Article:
As a job-hunter you know that a significant number of companies, nonprofits and public-sector agencies use an online tracking system to accept applications and screen out applicants. It cuts down on their paper work and saves them time.
If you must apply for jobs online, you can take steps to stand out from competing applicants to sail through human-resources filtering systems.
However, admittedly, in my situation, I’m not in the job market. However, if I were, I’d never apply for a job online. My preference would be to bypass the filtering systems. I’d capitalize on a self-marketing approach.
Applying for jobs online is too impersonal.
It’s tantamount to the entertainment industry’s audition cattle calls in which there’s one winner and dozens of losers. I believe in a proactive approach and maximizing my potential for success by minimizing competition from others.
Another important strategy:
No matter what you do for a living, there’s one investment on which you can count to improve your career.
It works for any situation and won’t cost you any money — get a mentor.
When I was a young job-hunter here was my mindset:
Whenever possible, I’d want a presence in the hiring room before applying. In other words, I’d use strategies to make sure the hiring persons were already familiar with my work. At all costs, I avoided the human resources department.
As opposed to HR employees, executives more readily spotted my strengths and potential to help them save time and money while contributing to the welfare of their companies. That enabled me to minimize my competition from competing jobseekers.
As a college student, I often contacted executives to get advice on courses to take. Executives were delighted to give their opinions. The strategy worked better than expected. I’ll never forget getting immediate consideration for an announcing job by the executive at an ABC television affiliate station.
That’s probably when I first realized it was better for me to bypass the HR department. I would ask such managers to meet with me.
While job hunting after college, I used the same approach. I did my homework on companies. My practice was to contact a manager two levels above the level that I’d hoped to work — my prospective boss’s boss.
Such people were usually impressed by such an assertive approach when I asked for advice. Good executives were honored to share their opinions. I wanted to know their perspectives regarding their industry issues and what they wanted in talent.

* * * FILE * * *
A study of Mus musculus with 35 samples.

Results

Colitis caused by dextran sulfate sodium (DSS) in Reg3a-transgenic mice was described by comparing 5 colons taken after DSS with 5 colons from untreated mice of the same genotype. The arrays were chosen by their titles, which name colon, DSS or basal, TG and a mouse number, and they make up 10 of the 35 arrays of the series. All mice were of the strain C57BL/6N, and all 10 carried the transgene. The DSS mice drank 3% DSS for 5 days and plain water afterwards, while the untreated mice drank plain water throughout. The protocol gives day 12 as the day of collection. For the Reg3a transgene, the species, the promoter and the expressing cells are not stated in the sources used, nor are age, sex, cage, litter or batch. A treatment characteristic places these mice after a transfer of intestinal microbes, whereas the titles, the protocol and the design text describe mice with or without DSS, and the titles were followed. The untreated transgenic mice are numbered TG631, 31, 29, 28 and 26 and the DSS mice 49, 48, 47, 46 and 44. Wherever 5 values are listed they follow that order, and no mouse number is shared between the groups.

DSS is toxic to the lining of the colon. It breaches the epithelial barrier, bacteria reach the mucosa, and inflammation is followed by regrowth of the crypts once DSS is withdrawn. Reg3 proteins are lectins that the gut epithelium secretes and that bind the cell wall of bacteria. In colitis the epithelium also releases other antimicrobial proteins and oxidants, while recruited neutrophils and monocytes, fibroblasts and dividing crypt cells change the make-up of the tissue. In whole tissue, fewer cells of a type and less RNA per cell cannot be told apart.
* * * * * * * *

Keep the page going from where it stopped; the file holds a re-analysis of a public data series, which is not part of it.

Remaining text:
In meeting with an executive, if it was obvious I wouldn’t get a job offer, I asked for two referrals – “Thank you for sharing your insights – who are a couple of your peers who wouldn’t mind sharing their insights, too?”
Whether or not the executives were considering me as an employee, I headed directly to the post office to mail a handwritten thank you note on my monarch-size stationery. The notes arrived the next day and created a favorable impression.
Sometimes, there were subsequent meetings. In the second interview, executives spent the first five minutes thanking me for my thank you note.
Another thing I learned:
It helped to have a relationship with my potential boss’s boss. Such managers would typically offer me higher wages than lower-level supervisors. It also accelerated my promotions. As the executive moved up, so would I.
From the Coach’s Corner, related tips:
Tips to Land Your Dream Job with Style, Substance — Yes, the competition for jobs is ferocious. Here are proven tips to be hired for your dream job.
15 Tips to Improve Your Odds for a Job — If you are unemployed, you are probably feeling desperate. But take heart. Here are 15 proven strategies.
Is Your Career Stalled? Turbo Charge Your Personal Brand — Perhaps you’re struggling in a job search. You’re ambitious but underemployed, or worse – unemployed. You’re not alone. Millions of professionals are trying to solve similar puzzles. The good news is that you can rebrand yourself for a rewarding career.
8 Career Tips to Unlock Your Potential as a Leader — It’s important to note that leaders aren’t necessarily born. They develop themselves. They don’t settle or languish. They evolve by constantly assessing their progress to improve.
Career Strategies: How to Get a C-Level Job — If you’re climbing the corporate ladder and have designs on a C-level job, a noted Stanford University professor has some excellent advice.
“The quality of a person’s life is in direct proportion to their commitment to excellence, regardless of their chosen field of endeavor.”